Locked-In Fees Protect Investment Co’s Leverage from Asset Write-Down


London/Frankfurt – Declines in asset values as a result of the coronavirus pandemic are likely to put pressure on the balance-sheet leverage of rated European investment companies, Fitch Ratings says in a new report. However, both Intermediate Capital Group PLC (ICG, BBB/Stable) and Tikehau Capital SCA (BBB-/Stable) entered this period of market volatility with sound leverage metrics and their credit profiles further benefit from locked-in fees relating to their third-party closed-end fund activities, which have increased strongly since the 2008 global financial crisis.

Reflecting their business models, which combine balance-sheet-driven investment company and third-party investment management activities, Fitch takes a hybrid approach when assessing ICG’s and Tikehau Capital’s leverage, allocating a portion of the debt to the balance-sheet business (measured using a gross debt/tangible equity ratio) and a portion of the debt to the fee-generating business (measured using a gross debt/EBITDA metric). Based on this, both ICG’s and Tikehau Capital’s leverage positions are commensurate with their respective rating level.

In the case of Tikehau Capital, tangible equity supports about four-fifths of allowed debt, with the remainder supported by its fast-growing but still small investment management business. ICG’s fee-generating business supports about half of allowable debt (based on ICG’s consolidated EBITDA), significantly more than during the 2008 global financial crisis, when ICG’s third-party investment management business was considerably smaller. Fee generation at both ICG and Tikehau Capital benefits from fees predominately being charged on committed or invested capital (and only to a lesser extent on more variable net asset values). For instance, as of end-September 2019, ICG’s “locked-in” fees amounted to GBP1.6 billion, or about 130% of outstanding gross debt.

Both ICG and Tikehau Capital have meaningful exposures to balance-sheet investments (in the form of fund co-investments and direct balance-sheet investments) with total investments amounting to about 1.7x tangible equity for ICG (at end-September 2019) and about 0.9x at Tikehau Capital (at end-2019). ICG’s exposures mainly relate to relatively granular fund co-investments. Tikehau Capital’s investments, while smaller, are more concentrated and include meaningful exposure to listed equities (about EUR495 million at end-2019) indicating potentially higher risk of mark-to-market or impairment losses. Unlisted investments are subject to more infrequent valuations (often twice a year except in exceptional circumstances) and we think it is likely that valuations, once performed, will suffer as a result of the pandemic.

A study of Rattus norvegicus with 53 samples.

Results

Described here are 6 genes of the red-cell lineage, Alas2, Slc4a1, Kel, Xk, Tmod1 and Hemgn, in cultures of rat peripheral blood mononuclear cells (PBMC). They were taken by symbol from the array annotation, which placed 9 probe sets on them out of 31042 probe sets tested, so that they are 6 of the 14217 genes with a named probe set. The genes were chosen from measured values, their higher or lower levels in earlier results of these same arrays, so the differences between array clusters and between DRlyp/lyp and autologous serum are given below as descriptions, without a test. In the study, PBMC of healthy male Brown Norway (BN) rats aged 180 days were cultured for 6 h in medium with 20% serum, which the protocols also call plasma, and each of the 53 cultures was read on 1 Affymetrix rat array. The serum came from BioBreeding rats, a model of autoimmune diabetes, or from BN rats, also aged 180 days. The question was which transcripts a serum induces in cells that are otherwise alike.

Fitch assumes any increases in balance-sheet leverage to be temporary (largely driven by fair-value changes). However, should leverage increases relate to permanent asset impairments, then this could ultimately put pressure on ICG’s and Tikehau Capital’s ratings. A material increase in gross debt/tangible equity ratios without the prospect of a reduction of balance-sheet leverage to more normalised levels by end-2021 could lead to negative rating actions, in particular if in conjunction with a more subdued outlook for investment management activities.

In addition, both ICG’s and Tikehau Capital’s ratings remain sensitive to key sensitivities as detailed in their most recent rating action commentary, published on 14 January 2020 and 27 January 2020, respectively.

The report, “EMEA Investment Companies Dashboard”, is published today and can be found on www.fitchratings.com.